Urine sample

Best Practices

Should Flexible Cystoscopy be Delayed if Urinalysis Detects Infection?

"We observed a low and clinically acceptable risk of UTI — with no incidence of sepsis — when FC was performed in asymptomatic patients, with urinalysis suggesting the presence of ‘infection.’”

Flexible cystoscopy procedures are sometimes canceled when a pre-cystoscopy urinalysis (PCU) suggests an infection is present even when the patient is asymptomatic.

But a recent study out of the United Kingdom found the risk of urinary tract infection (UTI) is “clinically low and acceptable” with no risk of urinary sepsis when flexible cystoscopy (FC) is performed in asymptomatic patients, even when a PCU shows they are positive for an infection.

“Routine cancellation of these patients is unnecessary and may worsen the burden on health service resources,” the study’s authors write.

Canceling flexible cystoscopy in an asymptomatic patient “might delay a time-sensitive crucial diagnosis,” they add. Optimizing resources and services is of the utmost importance during the unprecedented demand and financial burden the COVID-19 pandemic has thrust onto the health care system, according to the authors.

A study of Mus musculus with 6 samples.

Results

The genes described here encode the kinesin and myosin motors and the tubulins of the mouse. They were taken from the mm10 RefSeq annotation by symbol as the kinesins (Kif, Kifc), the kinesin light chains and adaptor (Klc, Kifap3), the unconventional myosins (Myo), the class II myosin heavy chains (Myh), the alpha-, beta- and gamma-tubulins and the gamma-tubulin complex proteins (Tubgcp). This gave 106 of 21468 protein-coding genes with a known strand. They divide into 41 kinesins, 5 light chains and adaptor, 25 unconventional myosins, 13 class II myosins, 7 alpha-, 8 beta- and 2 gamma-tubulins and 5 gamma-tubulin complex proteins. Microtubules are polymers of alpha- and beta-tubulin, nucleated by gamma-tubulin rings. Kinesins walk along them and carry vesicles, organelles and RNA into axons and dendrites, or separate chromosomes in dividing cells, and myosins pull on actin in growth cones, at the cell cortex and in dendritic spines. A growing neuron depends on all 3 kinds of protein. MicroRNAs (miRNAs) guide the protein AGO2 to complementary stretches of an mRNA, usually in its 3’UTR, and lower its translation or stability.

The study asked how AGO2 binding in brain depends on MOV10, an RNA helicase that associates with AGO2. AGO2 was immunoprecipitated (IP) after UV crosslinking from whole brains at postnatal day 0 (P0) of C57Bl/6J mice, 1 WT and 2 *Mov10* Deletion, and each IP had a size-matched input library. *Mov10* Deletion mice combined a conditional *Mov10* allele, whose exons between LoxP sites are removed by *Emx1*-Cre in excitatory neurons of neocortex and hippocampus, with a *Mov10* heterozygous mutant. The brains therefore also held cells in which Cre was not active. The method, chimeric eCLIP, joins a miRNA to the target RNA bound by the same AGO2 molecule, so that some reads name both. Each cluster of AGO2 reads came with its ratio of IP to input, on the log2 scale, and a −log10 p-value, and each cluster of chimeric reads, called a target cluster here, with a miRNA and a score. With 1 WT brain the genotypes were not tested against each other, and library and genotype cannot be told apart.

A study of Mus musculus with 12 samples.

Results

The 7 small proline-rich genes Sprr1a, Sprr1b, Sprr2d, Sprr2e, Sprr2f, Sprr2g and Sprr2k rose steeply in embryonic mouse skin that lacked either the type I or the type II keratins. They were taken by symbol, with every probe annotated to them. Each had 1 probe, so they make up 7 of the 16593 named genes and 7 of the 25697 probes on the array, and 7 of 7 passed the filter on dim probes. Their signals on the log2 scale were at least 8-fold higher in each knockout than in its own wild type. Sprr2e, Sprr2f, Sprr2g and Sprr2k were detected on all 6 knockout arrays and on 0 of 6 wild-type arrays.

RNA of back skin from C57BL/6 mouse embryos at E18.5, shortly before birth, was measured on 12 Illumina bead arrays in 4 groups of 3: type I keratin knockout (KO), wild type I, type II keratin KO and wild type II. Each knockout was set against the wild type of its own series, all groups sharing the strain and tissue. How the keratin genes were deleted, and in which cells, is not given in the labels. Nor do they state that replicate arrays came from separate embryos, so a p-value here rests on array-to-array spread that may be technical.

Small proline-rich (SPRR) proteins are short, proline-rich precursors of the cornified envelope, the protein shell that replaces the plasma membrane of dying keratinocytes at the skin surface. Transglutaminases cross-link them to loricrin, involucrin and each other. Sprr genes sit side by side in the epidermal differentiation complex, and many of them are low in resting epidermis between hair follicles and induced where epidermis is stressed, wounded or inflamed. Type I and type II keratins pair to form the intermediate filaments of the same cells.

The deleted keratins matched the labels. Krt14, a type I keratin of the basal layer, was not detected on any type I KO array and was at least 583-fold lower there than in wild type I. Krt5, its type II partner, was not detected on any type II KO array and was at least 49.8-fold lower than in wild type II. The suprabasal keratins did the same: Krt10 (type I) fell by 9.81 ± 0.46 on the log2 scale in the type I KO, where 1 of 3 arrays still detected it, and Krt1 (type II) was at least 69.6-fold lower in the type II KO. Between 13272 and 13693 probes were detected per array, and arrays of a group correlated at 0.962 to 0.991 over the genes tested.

No patients with a positive PCU developed urinary sepsis, while 6.8 percent of all patients who underwent flexible cystoscopy during the course of the study developed a UTI. This risk of infection is similar to some existing literature and lower than rates found in other studies. Only 2.6 percent of those with UTI had culture-proven infections.

The study’s objective was to evaluate the risk of UTI or urinary sepsis when the procedure was performed in these patients at a high-volume center in Edinburgh. Post-cystoscopy UTI was defined as hospital admission with UTI or urinary sepsis, or if patients were symptomatic for UTI with receipt of antibiotics or with positive urine culture and sensitivity.

“From our real-world experience including over 2,000 patients, we observed a low and clinically acceptable risk of UTI — with no incidence of sepsis — when FC was performed in asymptomatic patients, with urinalysis suggesting the presence of ‘infection,’” the authors write. “Before protocol introduction, FC would have been cancelled in all patients with ‘infection’ on a PCU.”